Surgery is often recommended once a scoliosis patient's spinal curve has progressed beyond a certain point, and in the vast majority of cases, 'surgery' means spinal fusion surgery. This procedure involves joining two or more vertebrae together to prevent the patient's curvature from growing; nowadays, this is usually achieved by fastening small metal screws called pedicle screws to the spine, then using a bone graft to 'fuse' the vertebrae together

However, while this procedure is still the standard surgical scoliosis treatment method in most parts of the world, there are a number of risks associated with spinal fusion. Though rare, the potential complications include:

  • Screws placed in the wrong positions
  • Screws breaking or coming loose
  • Dural lesion
  • Infection
  • Various neurological, pulmonary, and vascular complications

In response to the risks sometimes associated with spinal fusion, a number of other surgical scoliosis treatments have been developed, and some of these new techniques seem to becoming increasingly popular. Today, we'd like to look at three relatively new surgical procedures and why they're potentially preferable to spinal fusion surgery.

Magnetically-controlled growing rods (MCGR)

Magnetically Controlled Growing Rods

Magnetically-controlled growing rods are already being used in more than 20 countries (including the UK and the USA) to treat scoliosis in children under the age of seven. During the MCGR procedure, the surgeon fastens titanium rods to the patient's spine; these rods have a lengthening mechanism that can be operated magnetically, and after the operation itself, the patient attends a series of minimally-invasive 'distraction' procedures where a remote controller is used to lengthen the rods and correct the spinal curvature.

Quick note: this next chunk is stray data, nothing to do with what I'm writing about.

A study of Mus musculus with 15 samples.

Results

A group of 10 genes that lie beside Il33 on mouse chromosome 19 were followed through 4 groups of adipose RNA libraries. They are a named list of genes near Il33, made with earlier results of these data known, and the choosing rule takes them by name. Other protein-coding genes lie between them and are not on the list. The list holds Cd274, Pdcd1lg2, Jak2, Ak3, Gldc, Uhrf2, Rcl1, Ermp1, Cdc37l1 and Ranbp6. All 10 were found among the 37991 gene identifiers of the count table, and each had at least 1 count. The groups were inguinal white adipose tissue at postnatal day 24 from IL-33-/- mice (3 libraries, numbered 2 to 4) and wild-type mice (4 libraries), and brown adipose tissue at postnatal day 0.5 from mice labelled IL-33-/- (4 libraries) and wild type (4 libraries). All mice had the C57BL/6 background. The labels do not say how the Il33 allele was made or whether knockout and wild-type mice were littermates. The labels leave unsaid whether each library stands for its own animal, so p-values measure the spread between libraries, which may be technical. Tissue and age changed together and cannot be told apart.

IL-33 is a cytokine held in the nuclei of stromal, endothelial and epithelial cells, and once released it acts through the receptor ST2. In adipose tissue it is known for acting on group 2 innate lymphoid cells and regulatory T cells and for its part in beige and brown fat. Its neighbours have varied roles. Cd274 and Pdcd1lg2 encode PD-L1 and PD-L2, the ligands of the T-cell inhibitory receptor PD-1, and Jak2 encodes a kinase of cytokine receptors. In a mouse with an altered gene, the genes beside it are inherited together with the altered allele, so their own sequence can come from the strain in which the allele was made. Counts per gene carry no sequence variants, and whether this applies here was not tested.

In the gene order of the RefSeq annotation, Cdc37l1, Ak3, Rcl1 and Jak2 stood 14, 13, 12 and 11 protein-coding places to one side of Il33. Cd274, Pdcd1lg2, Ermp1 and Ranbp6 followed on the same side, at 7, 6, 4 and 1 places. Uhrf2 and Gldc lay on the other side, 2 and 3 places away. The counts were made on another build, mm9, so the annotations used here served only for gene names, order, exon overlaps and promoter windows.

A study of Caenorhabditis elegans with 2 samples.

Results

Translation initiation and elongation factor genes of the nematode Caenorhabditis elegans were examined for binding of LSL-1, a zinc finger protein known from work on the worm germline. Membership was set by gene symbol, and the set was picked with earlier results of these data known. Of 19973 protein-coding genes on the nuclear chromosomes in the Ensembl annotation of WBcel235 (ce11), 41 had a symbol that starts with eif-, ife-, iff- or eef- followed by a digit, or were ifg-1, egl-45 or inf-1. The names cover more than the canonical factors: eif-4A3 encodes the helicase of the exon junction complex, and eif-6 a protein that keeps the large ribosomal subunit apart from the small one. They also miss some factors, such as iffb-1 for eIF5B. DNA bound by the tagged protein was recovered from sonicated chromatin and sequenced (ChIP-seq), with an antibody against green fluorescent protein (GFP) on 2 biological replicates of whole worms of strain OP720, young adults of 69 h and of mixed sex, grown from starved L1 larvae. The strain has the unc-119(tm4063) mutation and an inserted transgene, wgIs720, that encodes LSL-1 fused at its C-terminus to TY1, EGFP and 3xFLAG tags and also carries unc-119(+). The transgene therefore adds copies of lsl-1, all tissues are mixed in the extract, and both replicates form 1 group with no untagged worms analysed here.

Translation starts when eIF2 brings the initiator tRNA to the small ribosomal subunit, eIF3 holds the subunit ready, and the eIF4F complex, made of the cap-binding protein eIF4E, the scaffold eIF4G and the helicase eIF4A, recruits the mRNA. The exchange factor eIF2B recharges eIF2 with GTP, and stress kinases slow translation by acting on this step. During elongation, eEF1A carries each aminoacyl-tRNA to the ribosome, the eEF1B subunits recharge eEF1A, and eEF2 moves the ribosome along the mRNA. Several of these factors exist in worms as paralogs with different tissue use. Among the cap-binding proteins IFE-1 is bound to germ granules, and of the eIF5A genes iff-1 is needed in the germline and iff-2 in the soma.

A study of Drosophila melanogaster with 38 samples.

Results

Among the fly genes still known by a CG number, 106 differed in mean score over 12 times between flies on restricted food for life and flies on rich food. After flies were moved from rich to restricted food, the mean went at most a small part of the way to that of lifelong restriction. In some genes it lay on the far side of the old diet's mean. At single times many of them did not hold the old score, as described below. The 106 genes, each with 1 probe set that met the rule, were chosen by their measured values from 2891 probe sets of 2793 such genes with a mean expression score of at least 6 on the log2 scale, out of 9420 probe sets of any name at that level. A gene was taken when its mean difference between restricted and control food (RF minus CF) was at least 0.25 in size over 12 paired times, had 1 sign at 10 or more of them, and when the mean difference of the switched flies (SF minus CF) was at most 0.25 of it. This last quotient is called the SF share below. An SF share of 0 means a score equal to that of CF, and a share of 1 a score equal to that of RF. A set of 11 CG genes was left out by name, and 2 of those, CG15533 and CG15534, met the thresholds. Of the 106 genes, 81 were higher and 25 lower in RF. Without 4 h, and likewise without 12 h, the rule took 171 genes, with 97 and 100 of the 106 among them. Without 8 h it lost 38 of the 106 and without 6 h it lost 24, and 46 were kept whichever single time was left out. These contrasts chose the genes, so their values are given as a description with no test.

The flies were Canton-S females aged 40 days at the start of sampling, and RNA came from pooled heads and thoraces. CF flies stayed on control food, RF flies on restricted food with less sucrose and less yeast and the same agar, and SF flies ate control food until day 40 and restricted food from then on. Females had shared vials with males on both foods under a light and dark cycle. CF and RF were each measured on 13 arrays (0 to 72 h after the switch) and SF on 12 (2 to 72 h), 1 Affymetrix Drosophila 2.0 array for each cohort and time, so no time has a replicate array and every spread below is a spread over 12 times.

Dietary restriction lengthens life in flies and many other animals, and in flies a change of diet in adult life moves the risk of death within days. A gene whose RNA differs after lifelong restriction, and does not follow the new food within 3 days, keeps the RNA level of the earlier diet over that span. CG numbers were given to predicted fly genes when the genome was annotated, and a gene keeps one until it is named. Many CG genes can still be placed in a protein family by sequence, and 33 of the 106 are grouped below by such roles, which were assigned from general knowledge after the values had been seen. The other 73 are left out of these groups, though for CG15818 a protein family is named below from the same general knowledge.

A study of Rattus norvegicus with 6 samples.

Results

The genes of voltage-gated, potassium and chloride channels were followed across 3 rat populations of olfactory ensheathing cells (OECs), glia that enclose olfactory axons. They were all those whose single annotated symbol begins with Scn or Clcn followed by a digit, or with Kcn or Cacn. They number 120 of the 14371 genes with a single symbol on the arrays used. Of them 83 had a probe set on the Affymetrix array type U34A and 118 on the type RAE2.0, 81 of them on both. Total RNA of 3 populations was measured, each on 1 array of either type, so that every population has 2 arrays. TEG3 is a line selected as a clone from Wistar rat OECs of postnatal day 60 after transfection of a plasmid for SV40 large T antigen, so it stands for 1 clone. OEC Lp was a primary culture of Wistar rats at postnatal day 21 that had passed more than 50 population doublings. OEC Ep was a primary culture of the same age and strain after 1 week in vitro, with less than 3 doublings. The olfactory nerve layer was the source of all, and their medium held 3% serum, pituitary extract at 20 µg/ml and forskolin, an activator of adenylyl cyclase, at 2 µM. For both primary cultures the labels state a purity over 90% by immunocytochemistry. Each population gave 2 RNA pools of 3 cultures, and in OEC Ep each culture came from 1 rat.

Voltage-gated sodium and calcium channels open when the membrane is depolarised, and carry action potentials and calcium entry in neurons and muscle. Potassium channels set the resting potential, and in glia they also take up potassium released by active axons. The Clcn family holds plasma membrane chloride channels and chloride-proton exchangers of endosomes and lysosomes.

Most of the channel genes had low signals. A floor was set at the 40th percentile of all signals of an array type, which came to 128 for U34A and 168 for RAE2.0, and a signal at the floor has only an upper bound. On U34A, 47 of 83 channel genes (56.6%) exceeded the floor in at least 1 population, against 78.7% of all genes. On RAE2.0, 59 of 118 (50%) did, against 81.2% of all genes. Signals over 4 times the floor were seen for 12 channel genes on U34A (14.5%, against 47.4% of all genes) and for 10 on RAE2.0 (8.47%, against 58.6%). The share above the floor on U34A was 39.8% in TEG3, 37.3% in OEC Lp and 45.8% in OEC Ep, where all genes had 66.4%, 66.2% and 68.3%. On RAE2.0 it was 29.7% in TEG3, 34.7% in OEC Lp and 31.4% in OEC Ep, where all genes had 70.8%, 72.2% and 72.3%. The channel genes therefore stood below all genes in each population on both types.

This effectively puts the doctor in control of the child's scoliosis until they have finished growing.

 

Stapling and tethering

Spinal Tethering Operation

Vertebral body stapling (VBS) and vertebral body tethering (VBT) are two minimally-invasive procedures that are usually performed on scoliosis patients who are still growing (e.g. teenagers and pre-teens). VBS uses malleable metal staples to join two or more vertebrae together, while VBT uses pedicle screws attached to a flexible cable at the site of the curvature. VBS is recommended for thoracic curves of 25-35 degrees and lumbar curves under 45 degrees; VBT can be used to treat thoracic curves between 35-70 degrees.

Currently available only in the UK, the USA, India, Canada and New Zealand, the tethering and stapling procedures have no major reported complications and are generally less invasive than the more commonly-seen spinal fusion procedure.

Apifix

Apifix for Scoliosis

Apifix is a small implant that is attached to the spine using just two screws. No fusion is performed, and the procedure is not very invasive, leaving a far less visible scar than spinal fusion surgery.

Apifix Scar

This procedure is ideal for adolescents with idiopathic scoliosis, especially where the curve measures 40-60 degrees. Apifix is currently available in the USA, Israel, and across Europe.

Any surgery carries risks and complications, depending on the procedure and patient presentation. If you are looking for a non-surgical alternative to spinal fusion, please contact the Scoliosis SOS Clinic today. We use an exercise-based regime called ScolioGold to correct scoliosis without any surgical intervention whatsoever. We can also assist with recovery after undergoing scoliosis surgery.